DENVER – A new U.S. Air Force manual for cyberwarfare describes a shadowy, fast-changing world where anonymous enemies can carry out devastating attacks in seconds and where conventional ideas about time and space don't apply.
Much of the 62-page manual is a dry compendium of definitions, acronyms and explanations of who reports to whom. But it occasionally veers into scenarios that sound more like computer games than flesh-and-blood warfare.
Enemies can cloak their identities and hide their attacks amid the cascade of data flowing across international computer networks, it warns. And relentless attackers are trying to hack into home and office networks in the U.S. "millions of times a day, 24/7."
Operating in cyberspace "may require abandoning common assumptions concerning time and space" because attacks can come from anywhere and take only seconds, the manual says.
The manual -- officially, "Cyberspace Operations: Air Force Doctrine Document 3-12" -- is dated July 15 but wasn't made public until this month. It is unclassified and available on the Internet.
It dwells mostly on protecting U.S. military computer networks and makes little mention of attacking others, which could signal that the Pentagon wants to keep its offensive plans secret, or that its chief goal is fending off cyberattacks to keep its networks up and running, analysts said.
"Their primary mission is in some ways defensive," said James Lewis, a cybersecurity expert and a senior fellow at the Center for Strategic and International Studies. Lewis said the government still hasn't decided whether offensive cyberwarfare is the province of the military or intelligence agencies.
"Who gets to do it? Is it a military operation?... An intel operation?" Lewis said. "They've made a lot of progress in the last year but they're still sorting out the doctrine."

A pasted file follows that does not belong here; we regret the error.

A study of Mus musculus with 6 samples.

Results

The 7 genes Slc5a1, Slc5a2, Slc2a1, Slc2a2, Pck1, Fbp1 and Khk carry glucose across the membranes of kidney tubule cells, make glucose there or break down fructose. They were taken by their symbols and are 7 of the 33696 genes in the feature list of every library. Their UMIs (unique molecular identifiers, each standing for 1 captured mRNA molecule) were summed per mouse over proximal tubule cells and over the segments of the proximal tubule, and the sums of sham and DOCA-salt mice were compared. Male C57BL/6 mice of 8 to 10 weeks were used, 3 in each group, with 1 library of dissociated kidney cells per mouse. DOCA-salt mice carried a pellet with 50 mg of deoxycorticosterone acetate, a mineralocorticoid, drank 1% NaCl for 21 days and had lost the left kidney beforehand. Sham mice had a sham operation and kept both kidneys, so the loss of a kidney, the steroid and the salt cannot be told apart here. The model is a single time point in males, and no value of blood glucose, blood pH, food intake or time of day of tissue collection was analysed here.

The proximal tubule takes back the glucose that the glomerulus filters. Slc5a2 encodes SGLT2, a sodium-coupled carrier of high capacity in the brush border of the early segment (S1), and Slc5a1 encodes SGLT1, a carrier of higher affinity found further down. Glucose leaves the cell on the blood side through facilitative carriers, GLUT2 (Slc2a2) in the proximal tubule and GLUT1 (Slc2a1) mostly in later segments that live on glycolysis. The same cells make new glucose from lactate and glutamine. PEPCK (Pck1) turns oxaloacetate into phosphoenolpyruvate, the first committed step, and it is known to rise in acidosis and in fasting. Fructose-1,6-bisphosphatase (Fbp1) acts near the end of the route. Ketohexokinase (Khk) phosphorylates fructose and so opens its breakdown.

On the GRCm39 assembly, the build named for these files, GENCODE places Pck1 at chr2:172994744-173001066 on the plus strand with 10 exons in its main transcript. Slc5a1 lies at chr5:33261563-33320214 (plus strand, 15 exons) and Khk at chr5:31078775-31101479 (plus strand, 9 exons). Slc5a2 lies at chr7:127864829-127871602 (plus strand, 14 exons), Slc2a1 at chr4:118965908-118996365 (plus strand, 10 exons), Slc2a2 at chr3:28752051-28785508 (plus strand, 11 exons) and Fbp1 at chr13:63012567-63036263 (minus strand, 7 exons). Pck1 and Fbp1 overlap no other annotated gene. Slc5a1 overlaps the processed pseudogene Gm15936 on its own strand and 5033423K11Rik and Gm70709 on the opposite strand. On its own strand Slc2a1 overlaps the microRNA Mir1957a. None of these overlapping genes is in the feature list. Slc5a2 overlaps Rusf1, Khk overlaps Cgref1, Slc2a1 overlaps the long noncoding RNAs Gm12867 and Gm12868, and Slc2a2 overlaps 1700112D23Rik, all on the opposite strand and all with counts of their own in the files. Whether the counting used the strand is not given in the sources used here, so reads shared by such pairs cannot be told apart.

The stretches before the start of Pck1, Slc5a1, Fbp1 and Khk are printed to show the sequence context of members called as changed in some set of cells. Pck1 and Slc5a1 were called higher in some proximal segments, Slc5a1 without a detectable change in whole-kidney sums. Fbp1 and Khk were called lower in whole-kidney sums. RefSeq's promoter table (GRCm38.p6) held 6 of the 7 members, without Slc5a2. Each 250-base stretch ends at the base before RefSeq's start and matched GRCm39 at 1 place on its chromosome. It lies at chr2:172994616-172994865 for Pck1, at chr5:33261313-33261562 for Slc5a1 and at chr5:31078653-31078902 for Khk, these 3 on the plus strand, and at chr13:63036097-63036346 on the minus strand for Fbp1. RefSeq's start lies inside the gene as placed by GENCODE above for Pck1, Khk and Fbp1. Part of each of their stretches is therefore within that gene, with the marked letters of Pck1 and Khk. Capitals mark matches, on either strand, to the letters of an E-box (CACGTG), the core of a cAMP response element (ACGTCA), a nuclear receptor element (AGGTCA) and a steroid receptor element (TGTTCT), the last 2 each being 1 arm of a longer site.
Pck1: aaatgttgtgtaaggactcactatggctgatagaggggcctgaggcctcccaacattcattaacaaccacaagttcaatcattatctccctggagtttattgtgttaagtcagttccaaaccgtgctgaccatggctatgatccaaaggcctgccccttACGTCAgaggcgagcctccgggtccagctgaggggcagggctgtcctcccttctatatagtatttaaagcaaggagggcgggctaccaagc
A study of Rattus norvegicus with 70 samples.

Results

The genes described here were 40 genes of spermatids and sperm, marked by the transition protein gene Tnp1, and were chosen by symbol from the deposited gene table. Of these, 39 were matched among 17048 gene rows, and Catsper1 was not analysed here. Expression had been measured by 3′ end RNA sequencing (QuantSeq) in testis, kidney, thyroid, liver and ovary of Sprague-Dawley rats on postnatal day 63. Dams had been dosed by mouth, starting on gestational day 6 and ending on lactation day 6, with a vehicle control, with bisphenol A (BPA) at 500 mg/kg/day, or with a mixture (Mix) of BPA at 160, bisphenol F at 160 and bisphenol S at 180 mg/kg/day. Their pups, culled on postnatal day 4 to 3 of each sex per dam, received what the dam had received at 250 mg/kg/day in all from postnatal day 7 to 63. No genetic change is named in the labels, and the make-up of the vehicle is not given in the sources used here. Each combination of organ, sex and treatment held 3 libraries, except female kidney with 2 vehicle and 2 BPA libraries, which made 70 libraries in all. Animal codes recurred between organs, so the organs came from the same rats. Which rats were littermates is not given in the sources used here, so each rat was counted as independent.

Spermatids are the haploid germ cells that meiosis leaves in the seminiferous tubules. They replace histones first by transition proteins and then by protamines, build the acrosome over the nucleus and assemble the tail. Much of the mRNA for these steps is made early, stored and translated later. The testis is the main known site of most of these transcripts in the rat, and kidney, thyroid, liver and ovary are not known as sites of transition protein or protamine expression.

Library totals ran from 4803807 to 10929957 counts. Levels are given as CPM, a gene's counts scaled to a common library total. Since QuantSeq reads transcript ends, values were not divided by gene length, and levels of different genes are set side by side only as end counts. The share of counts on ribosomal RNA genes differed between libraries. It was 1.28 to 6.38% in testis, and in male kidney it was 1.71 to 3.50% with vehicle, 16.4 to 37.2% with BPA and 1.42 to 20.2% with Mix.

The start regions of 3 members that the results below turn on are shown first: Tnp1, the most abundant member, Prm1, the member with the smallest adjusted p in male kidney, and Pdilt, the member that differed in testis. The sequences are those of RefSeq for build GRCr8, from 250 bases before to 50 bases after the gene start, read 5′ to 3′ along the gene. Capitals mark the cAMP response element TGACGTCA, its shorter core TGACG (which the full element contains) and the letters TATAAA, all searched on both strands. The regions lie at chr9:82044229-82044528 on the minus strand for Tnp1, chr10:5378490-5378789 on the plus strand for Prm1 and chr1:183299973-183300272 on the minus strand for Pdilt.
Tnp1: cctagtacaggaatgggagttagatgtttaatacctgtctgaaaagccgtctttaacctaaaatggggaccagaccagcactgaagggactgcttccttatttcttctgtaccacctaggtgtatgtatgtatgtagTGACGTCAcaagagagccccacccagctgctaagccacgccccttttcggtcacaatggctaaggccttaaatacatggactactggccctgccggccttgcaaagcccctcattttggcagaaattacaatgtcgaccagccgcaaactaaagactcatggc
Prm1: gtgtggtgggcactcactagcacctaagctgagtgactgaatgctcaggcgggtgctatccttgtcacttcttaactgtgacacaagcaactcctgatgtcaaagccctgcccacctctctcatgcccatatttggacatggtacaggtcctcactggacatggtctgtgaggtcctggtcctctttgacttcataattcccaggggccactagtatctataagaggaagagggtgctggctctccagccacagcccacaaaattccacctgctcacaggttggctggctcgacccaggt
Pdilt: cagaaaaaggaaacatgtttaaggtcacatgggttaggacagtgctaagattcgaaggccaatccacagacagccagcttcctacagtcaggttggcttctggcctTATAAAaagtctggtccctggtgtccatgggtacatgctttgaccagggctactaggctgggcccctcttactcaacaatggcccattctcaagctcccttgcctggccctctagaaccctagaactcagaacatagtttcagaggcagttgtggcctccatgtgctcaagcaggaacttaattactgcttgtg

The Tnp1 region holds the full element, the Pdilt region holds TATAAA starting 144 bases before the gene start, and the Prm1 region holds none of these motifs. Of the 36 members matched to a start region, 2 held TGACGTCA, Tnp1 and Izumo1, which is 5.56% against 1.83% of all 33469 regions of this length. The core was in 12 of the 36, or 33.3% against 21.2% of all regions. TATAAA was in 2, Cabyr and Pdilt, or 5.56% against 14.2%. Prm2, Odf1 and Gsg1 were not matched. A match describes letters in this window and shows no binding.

Noah Shachtman, a contributing editor to Wired magazine and a fellow at the Brookings Institute think tank, said even the limited mention of offensive operations in the manual surprised him. The manual cites one example of a cyberwar objective as "shutting down electrical power to key power grids of enemy leadership."
"That's usually not the kind of thing we talk about doing to others," Shachtman said. "The offensive stuff is supersecret."
Much of the manual is entry-level material, Shachtman said, citing an appendix listing 10 things Air Force personnel should know, including a warning not to open attachments in e-mails from unknown senders.
"The equivalent appendix would be like, 'This is a gun. Guns are unsafe. Please do not point them at your face,"' Shachtman said.
The manual explains how dependent the military and civil society have become on computer networks for communication, banking, manufacturing controls and the distribution of utilities. It also outlines the vulnerabilities of the Internet, including the relatively low cost of computers that could give an adversary a way to block, manipulate, damage or destroy a network.
It describes a 2005 incident when a hacker or hackers got access to personal information of more than 37,000 Air Force personnel.
The manual points out that much of the Internet's hardware and software are produced and distributed by private vendors in other countries who "can be influenced by adversaries to provide altered products that have built-in vulnerabilities, such as modified chips."
Defending the entire U.S. military network is unnecessary and probably impossible, the manual says. Just as the Air Force doesn't try to defend every square mile of airspace around the globe, it won't try to defend the whole of cyberspace.
"Whether used offensively or defensively ... conducting particular cyberspace operations may require access to only a very small 'slice' of the domain," the manual says.
Overall U.S. military cyberwarfare operations will be the job of the U.S. Cyber Command, which began limited operations in May. It will have components from the Army, Air Force, Navy and Marines. The Air Force component -- the 24th Air Force at Lackland Air Force Base, Texas -- is part of the Air Force Space Command at Peterson Air Force Base, Colorado.
Lewis said the Cyber Command had a hand in the content of the Air Force manual.
"I see it as the first step in assigning special missions to the services. It's a division of labor among the services," he said.
The Marine Corps' cyberspace operation document is still in development, a spokeswoman said. Army and Navy officials didn't immediately respond to Associated Press questions about their planning.
Responsibility for civilian and government cybersecurity is less clear. Congress is debating between giving more power to the Homeland Security Department or the White House and the National Institute of Standards and Technology.
Homeland Security and the National Security Agency announced this month they would cooperate to strengthen the nation's cybersecurity.